The recent event held at FVTC’s Service Motor Company Agriculture Center on the Appleton campus combined morning workshops and an afternoon visit to MilkSource Genetics in Kaukauna.

AT FVTC, each student taught dairy judging concepts to a group of 3-4 high school learners representing Fox Valley Lutheran, Chilton, Freedom, and New London schools. At MilkSource in the afternoon, the students put their fresh knowledge from the morning classes to the test on dairy cows.

FVTC officials report that MilkSource leaders were delighted to help support the learning experience by way of lending access to some of its resources.

MilkSource is renowned globally for its high ratings of dairy cattle. Kevin Rauchholz, a 20-year Ag instructor at FVTC, says that MilkSource is home to three EX-97 rated dairy cattle, a rare accolade. A red and a black join a Jersey on the farm to round out an unprecedented Triple Crown level of EX-97 cattle one a single site. It is believed that there are less than six cows in North America with an EX-97 rating.

“I could relate to the high level of engagement that our judges-in-training demonstrated with us,” said Sam Ziegler, who is pursuing double majors in Farm Operation and Farm Business & Production Management at FVTC. “I have learned so much on what it takes to build a better cow from the Tech. Passing that knowledge on to other future dairy farmers gives the industry a pipeline of young and enthusiastic leaders.” 

The evaluation of a cow’s body capacity in terms of how much it can eat and how much milk is produced are the primary traits to keep in mind when examining the animal’s physical attributes.

Ziegler views dairy judging as looking at how a cow is built, similar to how a home or most any product is put together.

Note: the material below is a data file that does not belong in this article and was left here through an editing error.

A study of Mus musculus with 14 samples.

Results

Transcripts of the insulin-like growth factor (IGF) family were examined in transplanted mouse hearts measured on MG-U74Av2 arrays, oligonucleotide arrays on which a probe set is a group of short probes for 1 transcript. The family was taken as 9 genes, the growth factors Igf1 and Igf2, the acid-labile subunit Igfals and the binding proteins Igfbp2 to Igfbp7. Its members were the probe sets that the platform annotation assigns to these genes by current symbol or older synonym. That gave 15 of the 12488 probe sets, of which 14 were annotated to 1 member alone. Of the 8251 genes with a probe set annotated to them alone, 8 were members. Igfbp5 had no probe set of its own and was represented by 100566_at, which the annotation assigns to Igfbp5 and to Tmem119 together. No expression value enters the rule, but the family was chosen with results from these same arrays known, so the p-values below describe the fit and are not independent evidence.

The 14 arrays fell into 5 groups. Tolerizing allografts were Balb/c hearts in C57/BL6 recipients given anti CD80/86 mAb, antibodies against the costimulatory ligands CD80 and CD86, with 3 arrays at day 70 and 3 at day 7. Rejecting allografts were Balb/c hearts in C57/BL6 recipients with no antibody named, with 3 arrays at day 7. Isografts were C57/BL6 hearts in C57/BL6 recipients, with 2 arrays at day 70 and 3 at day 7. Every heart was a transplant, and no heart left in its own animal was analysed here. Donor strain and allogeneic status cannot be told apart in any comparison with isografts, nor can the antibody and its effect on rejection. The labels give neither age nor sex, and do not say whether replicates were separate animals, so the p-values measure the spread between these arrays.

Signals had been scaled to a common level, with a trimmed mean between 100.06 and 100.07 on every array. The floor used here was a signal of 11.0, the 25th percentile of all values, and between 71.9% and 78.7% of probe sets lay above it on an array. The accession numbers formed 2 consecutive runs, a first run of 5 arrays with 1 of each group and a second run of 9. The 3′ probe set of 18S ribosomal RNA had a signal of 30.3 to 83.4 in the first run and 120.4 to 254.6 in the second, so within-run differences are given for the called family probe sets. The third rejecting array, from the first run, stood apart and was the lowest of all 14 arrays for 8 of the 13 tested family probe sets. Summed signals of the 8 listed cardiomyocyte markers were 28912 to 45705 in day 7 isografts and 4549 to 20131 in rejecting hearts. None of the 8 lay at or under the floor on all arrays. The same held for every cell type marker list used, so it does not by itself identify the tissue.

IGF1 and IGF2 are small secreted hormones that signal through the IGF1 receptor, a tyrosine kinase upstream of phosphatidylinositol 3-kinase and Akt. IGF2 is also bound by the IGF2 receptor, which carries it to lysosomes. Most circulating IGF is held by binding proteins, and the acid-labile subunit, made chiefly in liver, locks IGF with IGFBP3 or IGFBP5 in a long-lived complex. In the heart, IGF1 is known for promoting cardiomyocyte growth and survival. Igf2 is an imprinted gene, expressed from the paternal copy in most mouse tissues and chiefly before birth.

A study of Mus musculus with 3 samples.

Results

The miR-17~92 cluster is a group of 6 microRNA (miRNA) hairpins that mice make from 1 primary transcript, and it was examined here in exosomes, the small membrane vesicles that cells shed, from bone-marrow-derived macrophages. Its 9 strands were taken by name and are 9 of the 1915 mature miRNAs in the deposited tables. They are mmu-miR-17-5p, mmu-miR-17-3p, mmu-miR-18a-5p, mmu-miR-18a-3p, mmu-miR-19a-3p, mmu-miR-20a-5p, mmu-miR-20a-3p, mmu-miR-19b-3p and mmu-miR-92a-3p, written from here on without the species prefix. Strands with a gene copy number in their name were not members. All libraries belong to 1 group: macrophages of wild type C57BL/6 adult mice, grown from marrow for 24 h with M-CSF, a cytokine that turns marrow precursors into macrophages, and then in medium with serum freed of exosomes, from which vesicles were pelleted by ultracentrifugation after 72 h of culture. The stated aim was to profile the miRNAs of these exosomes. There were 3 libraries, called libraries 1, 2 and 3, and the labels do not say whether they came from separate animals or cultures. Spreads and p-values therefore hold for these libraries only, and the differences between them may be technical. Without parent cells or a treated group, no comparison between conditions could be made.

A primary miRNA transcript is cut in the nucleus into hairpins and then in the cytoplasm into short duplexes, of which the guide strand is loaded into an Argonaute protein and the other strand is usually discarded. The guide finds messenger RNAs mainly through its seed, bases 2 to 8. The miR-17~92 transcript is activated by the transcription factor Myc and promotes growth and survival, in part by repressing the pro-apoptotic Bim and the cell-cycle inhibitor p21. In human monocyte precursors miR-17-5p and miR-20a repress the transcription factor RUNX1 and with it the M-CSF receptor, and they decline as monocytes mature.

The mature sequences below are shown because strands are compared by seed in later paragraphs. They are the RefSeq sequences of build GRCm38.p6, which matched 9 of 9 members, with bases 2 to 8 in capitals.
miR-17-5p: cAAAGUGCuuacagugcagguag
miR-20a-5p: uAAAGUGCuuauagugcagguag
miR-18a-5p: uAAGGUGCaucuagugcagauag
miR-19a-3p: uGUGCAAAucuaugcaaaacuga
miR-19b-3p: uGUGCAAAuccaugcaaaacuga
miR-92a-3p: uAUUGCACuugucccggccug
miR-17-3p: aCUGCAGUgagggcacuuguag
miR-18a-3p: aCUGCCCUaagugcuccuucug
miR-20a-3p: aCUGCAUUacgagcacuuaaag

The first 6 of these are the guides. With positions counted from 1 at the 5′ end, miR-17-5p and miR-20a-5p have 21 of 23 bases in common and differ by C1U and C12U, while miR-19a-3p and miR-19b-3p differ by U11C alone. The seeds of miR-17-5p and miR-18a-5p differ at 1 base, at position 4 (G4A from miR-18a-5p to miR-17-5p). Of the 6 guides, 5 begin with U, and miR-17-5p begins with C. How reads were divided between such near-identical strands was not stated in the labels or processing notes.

“Dairy judging details a cow’s appearance in order to learn how to improve its health for optimum milking,” he adds.

Feet, legs, udders, and overall body composition can hinder or promote a cow’s mobility and comfort, according to Ziegler. Those characteristics were also examined at the Kaukauna operation after each FVTC student teacher taught a workshop with a handful of high school students in which they explored the makeup of a healthy cow. At the end of the day, the students absorbed what exemplifies model dairy cows from both the classroom and in the barn.

Ziegler plans to utilize his FVTC education as a springboard to oversee operations on his family farm, a 50-cow venture near Freedom. Meanwhile, he has teamed up with fellow FVTC Ag students Melissa Remer, Jim Stille, and Mariah Stedl to take their dairy-judging skills to Stillwater, Oklahoma, this April to compete against mostly four-year universities.

In 2016, FVTC placed first in a team event with three students earning top five individual finishes in dairy judging at the World Dairy Expo in Madison. The five-day event included more than 80 post-secondary contestants from two- and four-year colleges and universities from across the nation.

Rauchholz, who led the 2016 team, sees his current pool of four students as having the same potential when it comes to flexing their agriculture skills.

“This group that led the dairy judging workshop for area high schools make up a historic team of Fox Valley Tech Ag students,” he said. “Their commitment to practicing the art of dairy judging together and then sharing that knowledge with others is exemplary.”

Rauchholz was approached by several high school Ag instructors in recent years to host a workshop on dairy judging, so this year institutes a benchmark when it comes to peer-to-peer learning.

“This is a feather in the hat for our program and our students,” he acknowledges. “Building a better cow starts with an organization dedicated to best practices and lifelong relationships in dairy. Fox Valley Tech brings it all together.”

FVTC offers eleven different degree options in Ag. The college’s most recent Graduate Employment Research Report cites 100% graduate employment for each program with 117 graduates entering the industry in 2017.